Uig’s new revamped pier must be accessible to everyone: MSP Rhoda Grant

MORE needs to be done to ensure that a new harbour development planned for Uig on Skye is accessible to disabled people, MSP Rhoda Grant told a Parliamentary committee this week.

Mrs Grant called on the Public Petitions Committee to urge Highland Council to carry out an Equality Impact Assessment on planned infrastructure improvements needed to accommodate a dual fuel CalMac Ferry in 2022.

The Highlands & Islands Labour MSP has been supporting the community’s call for a floating pontoon and ramp access to tour boats and water activities. An online petition has gathered more than 800 names.

However, steps are currently being planned.

Mrs Grant told Tuesday’s committee: “I have been repeatedly asking the council to do an equality impact assessment on this scheme. In this day and age, we should be looking at making all new developments accessible to disabled people.”

She added: “Given the level of investment that is going to be there, it seems very strange that money cannot be made available to allow disabled people to have access to the water. We all know the amount of money that has been wasted by the Scottish Government in developing these new ferries.”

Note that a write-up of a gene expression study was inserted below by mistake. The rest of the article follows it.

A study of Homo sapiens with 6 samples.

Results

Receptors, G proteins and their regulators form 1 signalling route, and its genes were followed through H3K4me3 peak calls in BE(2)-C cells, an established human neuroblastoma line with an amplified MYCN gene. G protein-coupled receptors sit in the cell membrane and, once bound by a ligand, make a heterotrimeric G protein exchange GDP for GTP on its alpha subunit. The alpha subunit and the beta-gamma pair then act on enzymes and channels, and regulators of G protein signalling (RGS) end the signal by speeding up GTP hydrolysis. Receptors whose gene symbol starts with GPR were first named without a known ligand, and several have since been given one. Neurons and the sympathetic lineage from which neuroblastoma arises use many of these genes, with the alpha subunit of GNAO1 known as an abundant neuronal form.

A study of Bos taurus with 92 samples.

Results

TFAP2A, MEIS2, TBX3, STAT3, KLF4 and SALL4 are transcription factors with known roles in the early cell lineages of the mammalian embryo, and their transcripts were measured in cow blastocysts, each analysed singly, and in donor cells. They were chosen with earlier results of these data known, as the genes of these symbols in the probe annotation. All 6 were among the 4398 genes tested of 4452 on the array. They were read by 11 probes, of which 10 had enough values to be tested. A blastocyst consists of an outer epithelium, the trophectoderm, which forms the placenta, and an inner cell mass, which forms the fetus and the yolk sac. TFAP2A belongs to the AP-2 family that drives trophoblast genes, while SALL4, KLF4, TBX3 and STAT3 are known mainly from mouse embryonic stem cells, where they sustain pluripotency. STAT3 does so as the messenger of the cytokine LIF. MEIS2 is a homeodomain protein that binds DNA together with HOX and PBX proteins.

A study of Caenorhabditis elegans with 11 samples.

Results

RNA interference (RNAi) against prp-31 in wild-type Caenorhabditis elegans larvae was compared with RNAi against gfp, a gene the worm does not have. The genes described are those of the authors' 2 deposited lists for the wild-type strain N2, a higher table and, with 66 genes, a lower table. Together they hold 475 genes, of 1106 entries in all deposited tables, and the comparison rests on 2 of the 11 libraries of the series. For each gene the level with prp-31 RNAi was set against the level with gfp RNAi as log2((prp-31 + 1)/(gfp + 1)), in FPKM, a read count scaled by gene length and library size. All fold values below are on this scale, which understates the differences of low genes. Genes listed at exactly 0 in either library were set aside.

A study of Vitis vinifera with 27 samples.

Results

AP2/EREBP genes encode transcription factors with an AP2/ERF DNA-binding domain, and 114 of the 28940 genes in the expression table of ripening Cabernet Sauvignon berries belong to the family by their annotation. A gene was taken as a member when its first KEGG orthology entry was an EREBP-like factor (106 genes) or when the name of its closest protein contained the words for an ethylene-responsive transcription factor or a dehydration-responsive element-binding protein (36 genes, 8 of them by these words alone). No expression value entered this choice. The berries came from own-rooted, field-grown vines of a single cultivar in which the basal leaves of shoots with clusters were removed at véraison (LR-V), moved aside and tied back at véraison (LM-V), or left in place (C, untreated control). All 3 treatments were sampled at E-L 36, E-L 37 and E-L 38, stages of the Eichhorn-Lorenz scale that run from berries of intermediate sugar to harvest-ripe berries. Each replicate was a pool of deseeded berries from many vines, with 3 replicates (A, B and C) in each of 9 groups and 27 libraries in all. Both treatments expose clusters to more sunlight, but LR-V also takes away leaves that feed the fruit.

The committee was meeting to discuss a petition which had an overriding objection to the harbour steps plan.

The petition called on the Parliament to urge the Scottish Government to ensure that local authorities and service providers provide access for those with disabilities at public facilities such as piers and harbours.

Committee convener Johann Lamont said the council had, at the committee’s request, outlined in a comprehensively-written brief, its legal obligations with regards to Uig Pier.

The council had insisted its design consultation included members of the local access panels served by the Uig ferry, and it said that consultation was “extensive”.

It also said it had a duty to make reasonable adjustments for disabled people but highlighted some exemptions for smaller passenger vessels, and excursion or sightseeing tours which it said could well apply.

And it stressed that the community’s much-desired floating pontoon would be less durable, take up far more berthing space, and be more expensive to install and maintain.

It said the safe and more feasible option was replacement steps.

Mrs Lamont told committee members the Equality and Human Rights Commission had raised no specific objection to the council’s response.

Members agreed therefore to close the petition on grounds Highland Council had appeared to follow all due processes for the Uig port redevelopment regarding access for those with disabilities and would consult the public again on the plans.

However, Mrs Grant pressed for more.

She said: “I know the committee is keen to close this petition but I would ask them to go back and ask the council for an Equalities Impact Assessment because I think it is really important that we allow disabled people access going forward.”

Mrs Lamont agreed, adding: “It can’t be beyond the wit of humanity to work out how to make this scheme accessible to disabled people.”

The Committee agreed to write to Highland Council.